Hermosa Beach resident Dency Nelson shows off the solar panels that heat his hot tub.

From the front, the Silver Strand Avenue home of Dency and Moira Nelson looks like any other Hermosa house, except for the rooftop solar panels. But as area residents found during a recent Environmental Priorities Network South Bay Solar and Green Homes Tour, the Nelsons have gone out of their way to be kind to the planet.

The Nelsons showed visitors their 4.2 kilowatt photovoltaic solar system, a rooftop spa heated by solar power, hot water recirculation for the whole house, a draught-tolerant, grey-water irrigated garden, composting, floors and furniture made of reclaimed wood, dual-flush toilets that allow the user to choose a lighter flush for liquid waste and a heavier flush for solid waste, and two plug-in electric vehicles in the garage.

Meanwhile, on Prospect Avenue, Robert and Monica Fortunato were showing their partially built “Green Idea House,” which serves as a case study for Southern California Edison’s Net Zero Energy Program. It is designed to use affordable, non-exotic technology to produce as much energy as it uses.

The homes were among six in Hermosa, two in Manhattan Beach and one in Torrance that opened their doors to the public for the nonprofit Environmental Priorities Network, which is a program of the South Coast Interfaith Council.

At the Nelson home, Moira stood in the second-floor kitchen welcoming people and answering questions, near a table covered with Seventh Generation cleaning and paper products and a variety of material on electric cars and solar panels.

Up another flight of stairs, out on the rooftop deck with an ocean view, stood 27 photovoltaic solar panels, the 450-gallon hot tub, and Dency Nelson, clad in Birkenstocks and a T-shirt stating, “take my car and plug it.”

“It was supposed to be my energy vice, my luxury item,” said Nelson about the hot tub.

Now, the tub stands as an example of the power of solar heating technologies. Heated by 30 solar water heaters and with photovoltaic panels powering the pump, the 300 kilowatts of electricity consumed by the tub per month are entirely solar generated.

Environmental awakening

Nelson’s fight for the environment began long before he began construction on his home in 1988. “I’ve been an environmentalist all my life,” he said.

In 1970, the year of the first Earth Day, Nelson was a high school senior in Northern California. At the time, he said, Earth Day was about educating people about ecology and the environment through teach-ins.

“I was senior class president and I asked the principal if we could have a day, April 22, for teach-ins,” he said.

This passion for environmental advocacy and education remains a part of Nelson’s life to this day. Having received his education in theater arts, he now works as a stage manager for the Directors Guild of America. However, he added, “when I’m not doing that, I’m doing this. This stuff makes me happy. It makes so much sense.”

Nelson writes a column for the Beach Cities Democratic Club’s newsletter called “Beach Cities Green” and for the Hermosa Beach e-newsletter titled “The Green Building Corner.”

The Fortunatos’ Green Idea House has many features in common with Nelson’s, as well as having some that are unique.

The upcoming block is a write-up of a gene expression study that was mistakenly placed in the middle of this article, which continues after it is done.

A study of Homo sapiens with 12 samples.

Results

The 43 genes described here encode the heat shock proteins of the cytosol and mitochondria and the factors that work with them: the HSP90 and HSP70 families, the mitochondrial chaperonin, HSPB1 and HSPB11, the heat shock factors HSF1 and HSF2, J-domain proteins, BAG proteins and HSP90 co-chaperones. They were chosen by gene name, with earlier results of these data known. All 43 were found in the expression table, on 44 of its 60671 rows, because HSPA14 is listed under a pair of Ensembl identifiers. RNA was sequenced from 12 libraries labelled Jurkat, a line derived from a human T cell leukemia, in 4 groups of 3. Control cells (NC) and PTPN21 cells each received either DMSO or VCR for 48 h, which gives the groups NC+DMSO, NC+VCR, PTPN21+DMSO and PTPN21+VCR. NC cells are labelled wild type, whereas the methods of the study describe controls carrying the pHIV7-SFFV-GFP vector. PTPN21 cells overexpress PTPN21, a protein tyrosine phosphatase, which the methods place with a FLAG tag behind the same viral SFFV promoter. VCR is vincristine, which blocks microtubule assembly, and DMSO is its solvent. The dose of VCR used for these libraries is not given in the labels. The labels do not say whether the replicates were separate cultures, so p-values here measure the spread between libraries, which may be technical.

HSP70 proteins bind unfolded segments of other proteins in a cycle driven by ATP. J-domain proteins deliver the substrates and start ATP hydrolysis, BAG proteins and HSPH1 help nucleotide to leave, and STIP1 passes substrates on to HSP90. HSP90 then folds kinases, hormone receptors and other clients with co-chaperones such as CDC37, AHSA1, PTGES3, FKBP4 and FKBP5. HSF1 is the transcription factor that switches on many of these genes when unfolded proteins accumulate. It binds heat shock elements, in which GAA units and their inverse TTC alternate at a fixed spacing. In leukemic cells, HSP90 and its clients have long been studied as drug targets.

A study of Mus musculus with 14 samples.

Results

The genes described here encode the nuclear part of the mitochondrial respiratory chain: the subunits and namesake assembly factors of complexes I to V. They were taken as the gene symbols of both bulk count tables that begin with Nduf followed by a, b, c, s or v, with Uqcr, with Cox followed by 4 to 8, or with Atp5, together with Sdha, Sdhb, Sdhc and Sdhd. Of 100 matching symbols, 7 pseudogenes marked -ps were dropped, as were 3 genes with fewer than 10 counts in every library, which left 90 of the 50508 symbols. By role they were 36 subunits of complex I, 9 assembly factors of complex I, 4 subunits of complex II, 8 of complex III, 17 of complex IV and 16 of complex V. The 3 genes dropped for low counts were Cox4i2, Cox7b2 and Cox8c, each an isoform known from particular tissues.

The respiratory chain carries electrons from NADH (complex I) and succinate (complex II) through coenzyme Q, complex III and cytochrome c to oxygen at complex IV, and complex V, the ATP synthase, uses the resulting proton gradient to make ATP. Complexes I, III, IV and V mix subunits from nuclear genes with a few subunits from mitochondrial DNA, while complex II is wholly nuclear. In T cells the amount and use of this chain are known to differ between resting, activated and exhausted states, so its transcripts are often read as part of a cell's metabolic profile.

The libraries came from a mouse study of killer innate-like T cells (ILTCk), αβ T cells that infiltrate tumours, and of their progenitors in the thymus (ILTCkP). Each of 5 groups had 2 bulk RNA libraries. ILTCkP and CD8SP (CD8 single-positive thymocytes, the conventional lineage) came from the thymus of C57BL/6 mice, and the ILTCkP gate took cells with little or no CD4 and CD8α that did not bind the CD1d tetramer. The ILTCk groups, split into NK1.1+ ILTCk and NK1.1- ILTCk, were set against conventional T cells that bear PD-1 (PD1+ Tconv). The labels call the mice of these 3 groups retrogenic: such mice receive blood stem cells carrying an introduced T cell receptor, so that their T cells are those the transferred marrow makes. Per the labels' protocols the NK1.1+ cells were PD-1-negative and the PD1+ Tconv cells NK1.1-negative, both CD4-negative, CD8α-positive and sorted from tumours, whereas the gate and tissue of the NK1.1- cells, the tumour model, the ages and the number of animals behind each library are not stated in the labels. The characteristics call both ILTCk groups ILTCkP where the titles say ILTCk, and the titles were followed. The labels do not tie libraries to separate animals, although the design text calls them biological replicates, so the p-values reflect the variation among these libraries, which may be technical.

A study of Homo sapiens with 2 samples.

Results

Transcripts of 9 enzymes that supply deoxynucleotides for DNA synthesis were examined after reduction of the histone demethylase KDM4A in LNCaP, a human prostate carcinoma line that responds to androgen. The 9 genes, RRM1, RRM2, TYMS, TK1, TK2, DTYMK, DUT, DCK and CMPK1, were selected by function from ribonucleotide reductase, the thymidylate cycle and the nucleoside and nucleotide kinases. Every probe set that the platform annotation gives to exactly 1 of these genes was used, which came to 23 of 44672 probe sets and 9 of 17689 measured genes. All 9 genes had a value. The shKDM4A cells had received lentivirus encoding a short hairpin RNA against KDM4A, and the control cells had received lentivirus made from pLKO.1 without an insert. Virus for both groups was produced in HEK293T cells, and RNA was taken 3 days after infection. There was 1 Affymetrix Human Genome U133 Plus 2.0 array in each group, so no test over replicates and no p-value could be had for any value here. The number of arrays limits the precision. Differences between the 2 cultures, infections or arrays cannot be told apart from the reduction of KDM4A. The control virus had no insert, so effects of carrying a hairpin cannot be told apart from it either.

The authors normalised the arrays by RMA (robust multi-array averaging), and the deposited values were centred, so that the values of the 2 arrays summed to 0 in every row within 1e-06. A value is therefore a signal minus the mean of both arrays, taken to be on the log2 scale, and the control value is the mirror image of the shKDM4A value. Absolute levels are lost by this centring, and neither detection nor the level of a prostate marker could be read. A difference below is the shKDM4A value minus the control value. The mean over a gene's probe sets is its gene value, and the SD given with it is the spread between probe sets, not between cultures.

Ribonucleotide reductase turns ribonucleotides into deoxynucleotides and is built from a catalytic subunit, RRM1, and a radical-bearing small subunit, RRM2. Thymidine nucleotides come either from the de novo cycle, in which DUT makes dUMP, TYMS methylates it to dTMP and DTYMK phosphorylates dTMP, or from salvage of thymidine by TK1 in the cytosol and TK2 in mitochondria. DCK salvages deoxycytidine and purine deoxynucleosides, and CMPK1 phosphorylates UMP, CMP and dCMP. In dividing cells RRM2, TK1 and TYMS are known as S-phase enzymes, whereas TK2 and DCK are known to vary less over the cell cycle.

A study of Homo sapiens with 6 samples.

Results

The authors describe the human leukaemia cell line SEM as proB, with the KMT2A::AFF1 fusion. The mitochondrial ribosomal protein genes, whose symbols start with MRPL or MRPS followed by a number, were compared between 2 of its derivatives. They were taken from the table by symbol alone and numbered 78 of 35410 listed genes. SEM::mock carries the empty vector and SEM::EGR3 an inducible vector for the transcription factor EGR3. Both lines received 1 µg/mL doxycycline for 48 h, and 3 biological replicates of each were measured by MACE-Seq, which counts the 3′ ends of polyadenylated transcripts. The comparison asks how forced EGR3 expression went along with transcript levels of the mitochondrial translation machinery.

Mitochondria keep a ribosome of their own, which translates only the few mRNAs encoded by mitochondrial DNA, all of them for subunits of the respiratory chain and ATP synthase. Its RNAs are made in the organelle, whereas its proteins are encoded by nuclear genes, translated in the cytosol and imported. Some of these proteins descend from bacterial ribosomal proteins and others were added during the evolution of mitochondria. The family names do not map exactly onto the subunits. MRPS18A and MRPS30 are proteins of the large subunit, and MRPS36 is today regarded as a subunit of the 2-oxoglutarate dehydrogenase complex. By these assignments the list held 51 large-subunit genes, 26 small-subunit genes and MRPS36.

The project uses as much recycled building materials as possible and tries to limit the use of concrete. He explained that there’s
“nothing green about concrete. The less we use, the greener the project is.”

The house also features a hot water heat-exchanger that recycles the hot water from the shower to heat the pipes containing cold water. This allows the shower to use more cold water and less hot, preventing the home from ever running out of hot water, Fortunato said.

Trained as an economist, Fortunato first became interested in green technology when he saw a shift in the stock market. “Companies can now make more money proving that they save energy than by selling energy,” he said.

As a result of this project the Fortunato family will be “saving [money] on water, have no natural gas bill, and have an energy bill equivalent to zero.” He plans to continue working to lower his energy use beyond the house itself, though. “We will install two electric cars by the end of this project,” he said.

On the tour

The tour also showed off the Hermosa homes of Dan Inskeep on 16th Street, Ray and Carol Waters on 24th Place, with dual glazed windows and skylights in addition to solar power, Tim Vitta on Manhattan Avenue, and Alysa and T.J. Brennan on Manhattan Avenue, which has a planted roof, chemical-free, stainless steel swimming pool, radiant floor heating, solar power, LED lighting, a thermal chimney, a recirculation system and dual-flush toilets.

In Manhattan Beach the tour showed the homes of Ben Burkhalter on 31st Street, and John York and Laurel Lee of Voorhees Avenue, where the sun powers a fountain, koi pond and waterfalls.

In Torrance, Al and Mary Shadbourne showed their West 235th Street home with solar power, attic fans for air recirculation throughout the house, enhanced insulation, dual paned windows, ultraviolet-ray blocking window film, a permeable-surface driveway and 150-gallon capacity for rainwater collection and storage.

Both Nelson and Fortunato have nothing but encouragement for others interested in taking steps towards living a more environmentally friendly lifestyle.

“Globalgreen.com is an international organization with all kinds of links to all kinds of great resources,” Nelson said.  Fortunato recommended his own website greenideahouse.com as a source of information on green building technology, noting, “There are a lot of people to help.” Nelson added, “This is what we have to do for the planet.”